Monday, May 9, 2011

Raised in a Barn

This is called The Barn and is located on East Pender Street, not far from my apartment. Although the architects and builders are unknown this structure is reported to date back to 1905.
The structure has a distinctive Boomtown style false facade and wooden drop siding. It is presumed to have originally been a shelter for horses that served the neighbourhood's fire hall.

The Barn has been converted into artists' co-op studios. It really attracts attention seeing as it is situated among houses in a distinctly residential area.
I think I picked the right day to take photos of this building. I like the way the blue of the building almost blends with the blue of the sky.

Now let's jump ahead about twenty five years and finish looking at events in Vancouver in 1930.

On August 26, 1930  The Vancouver Women’s Aeronautic Assn was organized. It was the first association of its kind in Canada.

On September 7 the Commodore Lanes and Billiards opened in the basement of 838 Granville Street. As I have written before this is Canada's oldest surviving bowling centre.

It opened under the direction of Frank Panvin. And here is an interesting tidbit: from the day of opening to the Panvin's death in 1962 the only time that staffer Mitz Nozaki spent away from the lanes was when the Canadian government had him interned at a camp in the Shuswap Lake with other Japanese Canadian citizens.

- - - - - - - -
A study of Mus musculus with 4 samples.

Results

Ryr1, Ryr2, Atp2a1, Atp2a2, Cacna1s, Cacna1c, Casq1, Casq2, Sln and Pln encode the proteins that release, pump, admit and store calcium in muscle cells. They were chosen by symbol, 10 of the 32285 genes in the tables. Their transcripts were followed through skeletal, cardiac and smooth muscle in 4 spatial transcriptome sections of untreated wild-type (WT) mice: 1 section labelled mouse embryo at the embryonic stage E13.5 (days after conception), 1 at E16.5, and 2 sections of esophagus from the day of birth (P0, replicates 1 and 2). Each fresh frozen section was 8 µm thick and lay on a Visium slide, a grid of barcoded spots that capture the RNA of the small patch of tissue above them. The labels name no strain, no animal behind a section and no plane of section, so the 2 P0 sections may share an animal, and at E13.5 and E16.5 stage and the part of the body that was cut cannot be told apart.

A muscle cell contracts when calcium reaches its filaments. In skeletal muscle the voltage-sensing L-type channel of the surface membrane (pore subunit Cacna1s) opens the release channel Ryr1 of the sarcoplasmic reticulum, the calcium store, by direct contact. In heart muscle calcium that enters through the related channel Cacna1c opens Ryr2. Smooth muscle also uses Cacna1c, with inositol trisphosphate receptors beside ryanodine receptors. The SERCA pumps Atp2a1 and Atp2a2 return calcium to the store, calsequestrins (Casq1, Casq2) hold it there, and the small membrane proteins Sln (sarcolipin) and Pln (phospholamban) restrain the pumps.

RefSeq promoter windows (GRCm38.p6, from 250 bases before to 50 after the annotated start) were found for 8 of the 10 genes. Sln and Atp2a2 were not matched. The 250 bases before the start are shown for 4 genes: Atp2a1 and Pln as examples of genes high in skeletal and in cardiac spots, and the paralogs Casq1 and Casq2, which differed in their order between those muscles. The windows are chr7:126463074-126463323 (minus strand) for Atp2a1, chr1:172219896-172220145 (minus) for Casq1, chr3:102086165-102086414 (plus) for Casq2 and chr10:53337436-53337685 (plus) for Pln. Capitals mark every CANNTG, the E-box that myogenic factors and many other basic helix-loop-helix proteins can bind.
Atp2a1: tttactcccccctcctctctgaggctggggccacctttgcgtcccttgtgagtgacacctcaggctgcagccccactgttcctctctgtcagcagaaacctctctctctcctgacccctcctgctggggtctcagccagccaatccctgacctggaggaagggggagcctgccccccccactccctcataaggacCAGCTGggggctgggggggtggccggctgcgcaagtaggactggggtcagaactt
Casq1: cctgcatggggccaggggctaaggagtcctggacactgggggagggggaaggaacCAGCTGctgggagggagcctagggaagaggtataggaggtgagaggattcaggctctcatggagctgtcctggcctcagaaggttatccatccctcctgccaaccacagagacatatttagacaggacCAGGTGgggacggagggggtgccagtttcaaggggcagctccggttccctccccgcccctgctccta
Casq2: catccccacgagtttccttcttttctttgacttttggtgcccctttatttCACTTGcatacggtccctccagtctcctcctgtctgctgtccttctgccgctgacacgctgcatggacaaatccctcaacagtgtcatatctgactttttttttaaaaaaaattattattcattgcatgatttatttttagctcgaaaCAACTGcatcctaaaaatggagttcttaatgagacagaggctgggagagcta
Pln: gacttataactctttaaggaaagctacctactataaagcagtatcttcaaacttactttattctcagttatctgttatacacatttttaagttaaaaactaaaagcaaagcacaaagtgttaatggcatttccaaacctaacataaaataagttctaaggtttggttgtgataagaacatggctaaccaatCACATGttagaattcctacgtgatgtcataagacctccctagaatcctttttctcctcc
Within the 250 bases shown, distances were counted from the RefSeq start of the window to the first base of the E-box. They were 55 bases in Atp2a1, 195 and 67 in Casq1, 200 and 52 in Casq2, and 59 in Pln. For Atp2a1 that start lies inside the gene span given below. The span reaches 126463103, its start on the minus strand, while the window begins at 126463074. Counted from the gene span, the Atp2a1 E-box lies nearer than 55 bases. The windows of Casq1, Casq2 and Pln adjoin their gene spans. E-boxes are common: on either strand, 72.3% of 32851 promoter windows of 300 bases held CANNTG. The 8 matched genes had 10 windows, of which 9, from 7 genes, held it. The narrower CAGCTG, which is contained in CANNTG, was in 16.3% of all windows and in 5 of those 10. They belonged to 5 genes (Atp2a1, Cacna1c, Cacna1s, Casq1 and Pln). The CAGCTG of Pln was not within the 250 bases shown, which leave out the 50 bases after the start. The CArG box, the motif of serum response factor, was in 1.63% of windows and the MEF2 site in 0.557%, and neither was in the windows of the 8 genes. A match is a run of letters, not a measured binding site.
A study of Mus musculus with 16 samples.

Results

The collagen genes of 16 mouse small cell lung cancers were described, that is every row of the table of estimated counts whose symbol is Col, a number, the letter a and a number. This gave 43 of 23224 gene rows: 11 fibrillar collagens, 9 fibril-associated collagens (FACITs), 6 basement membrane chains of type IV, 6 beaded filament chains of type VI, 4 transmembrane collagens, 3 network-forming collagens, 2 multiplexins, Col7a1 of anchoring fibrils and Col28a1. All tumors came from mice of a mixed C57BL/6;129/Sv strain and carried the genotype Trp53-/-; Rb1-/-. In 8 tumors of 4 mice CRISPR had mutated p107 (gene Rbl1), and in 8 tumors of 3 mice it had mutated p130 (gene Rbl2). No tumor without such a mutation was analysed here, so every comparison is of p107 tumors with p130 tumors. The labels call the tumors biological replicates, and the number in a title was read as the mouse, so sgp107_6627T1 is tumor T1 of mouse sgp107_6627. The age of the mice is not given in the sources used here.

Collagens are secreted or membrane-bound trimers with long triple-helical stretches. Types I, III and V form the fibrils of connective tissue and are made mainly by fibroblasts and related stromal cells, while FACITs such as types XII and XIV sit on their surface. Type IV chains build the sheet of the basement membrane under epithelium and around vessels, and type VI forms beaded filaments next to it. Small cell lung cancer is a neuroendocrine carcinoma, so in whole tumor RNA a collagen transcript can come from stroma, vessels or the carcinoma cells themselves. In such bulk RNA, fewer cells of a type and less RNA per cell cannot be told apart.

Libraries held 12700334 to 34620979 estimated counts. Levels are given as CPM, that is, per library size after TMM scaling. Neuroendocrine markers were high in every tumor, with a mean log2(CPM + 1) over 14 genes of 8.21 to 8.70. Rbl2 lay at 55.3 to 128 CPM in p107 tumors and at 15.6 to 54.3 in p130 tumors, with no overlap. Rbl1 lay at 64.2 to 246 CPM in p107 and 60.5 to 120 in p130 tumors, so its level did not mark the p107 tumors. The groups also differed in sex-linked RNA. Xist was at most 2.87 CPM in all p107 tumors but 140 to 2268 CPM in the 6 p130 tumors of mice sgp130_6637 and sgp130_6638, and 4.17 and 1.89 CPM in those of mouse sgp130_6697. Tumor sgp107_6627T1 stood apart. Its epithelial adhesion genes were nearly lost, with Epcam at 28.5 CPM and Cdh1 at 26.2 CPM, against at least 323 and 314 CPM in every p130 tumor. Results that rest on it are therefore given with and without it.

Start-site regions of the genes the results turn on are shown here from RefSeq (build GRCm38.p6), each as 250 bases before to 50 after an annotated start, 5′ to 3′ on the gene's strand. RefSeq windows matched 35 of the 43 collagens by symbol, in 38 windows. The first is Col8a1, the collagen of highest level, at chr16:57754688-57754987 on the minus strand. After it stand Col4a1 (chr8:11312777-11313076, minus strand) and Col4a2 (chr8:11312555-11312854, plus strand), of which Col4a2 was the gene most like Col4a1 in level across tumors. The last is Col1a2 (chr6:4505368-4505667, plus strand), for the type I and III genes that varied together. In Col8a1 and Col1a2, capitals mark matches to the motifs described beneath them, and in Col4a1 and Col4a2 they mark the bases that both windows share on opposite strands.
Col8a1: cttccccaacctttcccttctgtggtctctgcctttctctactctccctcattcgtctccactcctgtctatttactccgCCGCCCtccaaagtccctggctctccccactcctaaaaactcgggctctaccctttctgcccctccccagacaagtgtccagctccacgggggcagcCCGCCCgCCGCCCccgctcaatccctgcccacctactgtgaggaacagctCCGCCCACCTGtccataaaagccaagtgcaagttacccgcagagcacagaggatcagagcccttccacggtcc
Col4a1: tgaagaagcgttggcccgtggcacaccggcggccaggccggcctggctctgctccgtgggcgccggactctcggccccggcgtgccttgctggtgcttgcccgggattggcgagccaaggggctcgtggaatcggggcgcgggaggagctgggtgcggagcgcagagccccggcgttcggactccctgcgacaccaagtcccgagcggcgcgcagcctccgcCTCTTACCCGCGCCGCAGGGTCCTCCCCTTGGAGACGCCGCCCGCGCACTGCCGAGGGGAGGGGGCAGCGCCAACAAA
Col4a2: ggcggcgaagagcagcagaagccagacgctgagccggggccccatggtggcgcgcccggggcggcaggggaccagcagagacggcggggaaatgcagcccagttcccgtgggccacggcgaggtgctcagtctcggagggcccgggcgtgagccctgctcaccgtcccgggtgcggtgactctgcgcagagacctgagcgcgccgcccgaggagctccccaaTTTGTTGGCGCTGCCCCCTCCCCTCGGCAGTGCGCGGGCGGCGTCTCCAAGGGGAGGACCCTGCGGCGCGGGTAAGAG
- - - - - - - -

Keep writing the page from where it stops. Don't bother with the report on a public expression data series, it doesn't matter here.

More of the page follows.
(Here's something you don't see everyday. This house, which is over a hundred years old, sits on a regular size lot but it was built against the alley. The present owner was telling me that this factor was a deterrent for many prospective buyers because they only saw the disadvantage of not having a garage. She however saw the fact that the south facing yard would make a great garden.)

Remember that the Losmar tore away the south span of the first Second Narrows Bridge in April? Well on September 13 another ship, the Pacific Gatherer, got in the game by tearing away the fixed center span. No attempts were made to reconstruct the bridge.

On September 30 the first iron lung was donated to the Vancouver General Hospital.

In October the art deco masterpiece known as the Marine Building opened.

November 20 was the day that the Canadian National Institute for the Blind opened its Vancouver headquarters on Broadway.

On November 21, 1930 Vancouverites got their first look at the dolls called Lillybet. They were modelled after five year old Princess Elizabeth - known more recently as Queen Elizabeth II
On December 6 the first airmail letter to the Orient left Vancouver.

I hope you find the beauty around you.


  1. t's great to see someone who pays attention to the happenings in our community and admires our great architecture and other beauty within our community! I admire your shots!